Doing Disability in Theory and in Everyday Life


Add to cart
Essay #: 072597
Total text length is 18,126 characters (approximately 12.5 pages).

Excerpts from the Paper

The beginning:
Doing Disability in Theory and in Everyday Life
What do Educators Need Disability to Be?
The great connective narratives of capitalism and class drive the engines of social reproduction, but do not, in themselves, provide a foundational frame for those modes of social identification and political affect that form around issues of sexuality, race, feminism, the lifeworld of refugees or migrants, or the deathly social destiny of AIDS.
(Bhabha, The Location of Culture, 6)
The above quote, from Homi Bhabha’s The Location of Culture, represents an appropriate opening to this paper on the appearance of disability in Western education systems. Bhabha suggests that while social reproduction in our society is driven by capitalism and...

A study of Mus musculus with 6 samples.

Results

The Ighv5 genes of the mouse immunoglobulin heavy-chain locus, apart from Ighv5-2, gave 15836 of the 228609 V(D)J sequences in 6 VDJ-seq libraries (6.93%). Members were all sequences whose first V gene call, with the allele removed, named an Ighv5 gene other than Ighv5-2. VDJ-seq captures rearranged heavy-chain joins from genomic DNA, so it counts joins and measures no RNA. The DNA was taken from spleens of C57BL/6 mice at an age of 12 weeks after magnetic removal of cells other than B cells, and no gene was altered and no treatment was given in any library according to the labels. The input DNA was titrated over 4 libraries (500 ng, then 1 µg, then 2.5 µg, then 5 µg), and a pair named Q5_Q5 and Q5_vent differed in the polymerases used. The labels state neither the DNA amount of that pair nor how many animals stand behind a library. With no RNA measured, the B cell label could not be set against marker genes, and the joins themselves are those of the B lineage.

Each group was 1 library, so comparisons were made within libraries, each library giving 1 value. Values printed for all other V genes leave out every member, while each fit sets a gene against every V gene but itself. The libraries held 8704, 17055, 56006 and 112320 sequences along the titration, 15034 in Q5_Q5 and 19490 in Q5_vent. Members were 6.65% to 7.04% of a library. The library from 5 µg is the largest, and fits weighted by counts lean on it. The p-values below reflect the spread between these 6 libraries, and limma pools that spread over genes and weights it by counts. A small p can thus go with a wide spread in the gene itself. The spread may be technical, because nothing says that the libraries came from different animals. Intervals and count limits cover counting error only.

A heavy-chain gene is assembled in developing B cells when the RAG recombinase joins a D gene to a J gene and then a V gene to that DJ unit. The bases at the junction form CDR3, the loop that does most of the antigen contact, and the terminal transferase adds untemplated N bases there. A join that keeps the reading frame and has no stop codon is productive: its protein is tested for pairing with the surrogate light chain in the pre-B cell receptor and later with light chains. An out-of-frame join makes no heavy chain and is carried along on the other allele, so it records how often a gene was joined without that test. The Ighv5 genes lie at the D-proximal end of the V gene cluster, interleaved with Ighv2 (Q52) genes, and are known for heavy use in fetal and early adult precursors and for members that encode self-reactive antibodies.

The end:
.....ECD. (2003). Disability in higher education. Paris: OECD Publications.
Oliver, M. (1996). Understanding disability: From theory to
practice. New York: St. Martin’s Press.
Safford P.L. and Safford, E.J. (1996). A history of childhood
and disability. New York: Teachers College Press.
Thomson, R. (1997). Extraordinary bodies: Figuring physical
disability in American culture and literature. Columbia:
Columbia University Press.
Titchkosky, T. (2000). “Disability studies: The old and the new.”
Canadian Journal of Sociology 25(2).
Titchkosky, T. and Michalko, R. (2009). Introduction. Rethinking
normalcy: A disability studies reader.
Wenger, B., Kay, H., and LaPlant, M. (1992). Disabilities among
children. Disability Statistics Abstract: Number 15.